When you are in the trenches fighting for cannabis legalization, it is easy to become cynical and discouraged. We recognize that it is cruel to deprive patients a safe medicine that can benefit their lives, or even save them, when potentially fatal drugs like OxyContin are prescribed. It is so obvious to reformers that adults should be able to use cannabis when cigarettes and alcohol are illegal. To keep sane, it is imperative, in my opinion, to keep perspective regarding how far we’ve come.
Think back to late April 1996 (which doesn’t seem too long ago to me as I was just about to graduate high-I know, I’m old now) when there were no medical cannabis states and only 24% of Americans supported legalization according to Gallup. Fast forward to today: 9 states and Washington, D.C., have legalized cannabis, while 31 states and D.C., have medical laws on the books. And now, a whopping 66% of Americans support legalization in the latest Gallup poll, an all-time record. And Gallup sensibly expects more states to legalize as public support grows:
Like support for gay marriage – and in prior years, interracial marriage – support for marijuana legalization has generally only expanded, even if slowly, over the course of multiple decades — raising the question of where the ceiling in support might be. As the percentage of Americans who favor legalizing pot has continued to grow, so has the number of states that have taken up legislation to allow residents to use the substance recreationally. States that permit use of medical marijuana are even more prevalent in the U.S. than states allowing recreational pot are.
After this year’s elections, recreational pot use could be allowed in two more states, depending on what voters decide in North Dakota and Michigan. Both of these states border Canada, whose adult residents now have access to legal marijuana nationwide. Meanwhile, state lawmakers in New Jersey are moving closer to passing legislation to legalize pot, and neighboring New York might not be far behind after the state’s health department conducted a study that led to its recommendation that marijuana be legal.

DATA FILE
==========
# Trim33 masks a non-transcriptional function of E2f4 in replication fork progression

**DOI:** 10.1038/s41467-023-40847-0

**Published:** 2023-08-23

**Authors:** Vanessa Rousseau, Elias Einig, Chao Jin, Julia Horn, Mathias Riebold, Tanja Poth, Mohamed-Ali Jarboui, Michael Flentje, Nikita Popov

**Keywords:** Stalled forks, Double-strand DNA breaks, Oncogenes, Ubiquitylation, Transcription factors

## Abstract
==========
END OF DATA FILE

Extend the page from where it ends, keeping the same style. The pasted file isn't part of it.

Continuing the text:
But even as many states take action to legalize pot, to date, no Midwestern or Southern states permit legal recreational use — though medicinal marijuana is allowed in a few of these states. Now that public support is consistent across U.S. regions, legalization could spread to new areas in the future.
Our state-by-state strategy has been working effectively, as we’ve seen support rise steadily after California legalized medical use in 1996. We are now at a tipping point that we need federal change. Oregon and California need to be able to export cannabis and all licensed businesses need to be free from draconian tax policies that still treat regulated companies like they are Pablo Escobar or Al Capone. With 2/3 support across the nation, we must demand that the Trump administration and the next Congress take action in the next two years, or lose their jobs in 2020.
Learn the latest about current and future cannabis laws, and network with top investors and entrepreneurs from around the world at the next International Cannabis Business Conference in San Francisco on February 7-8, 2019. Get your early-bird tickets by January 18th to save!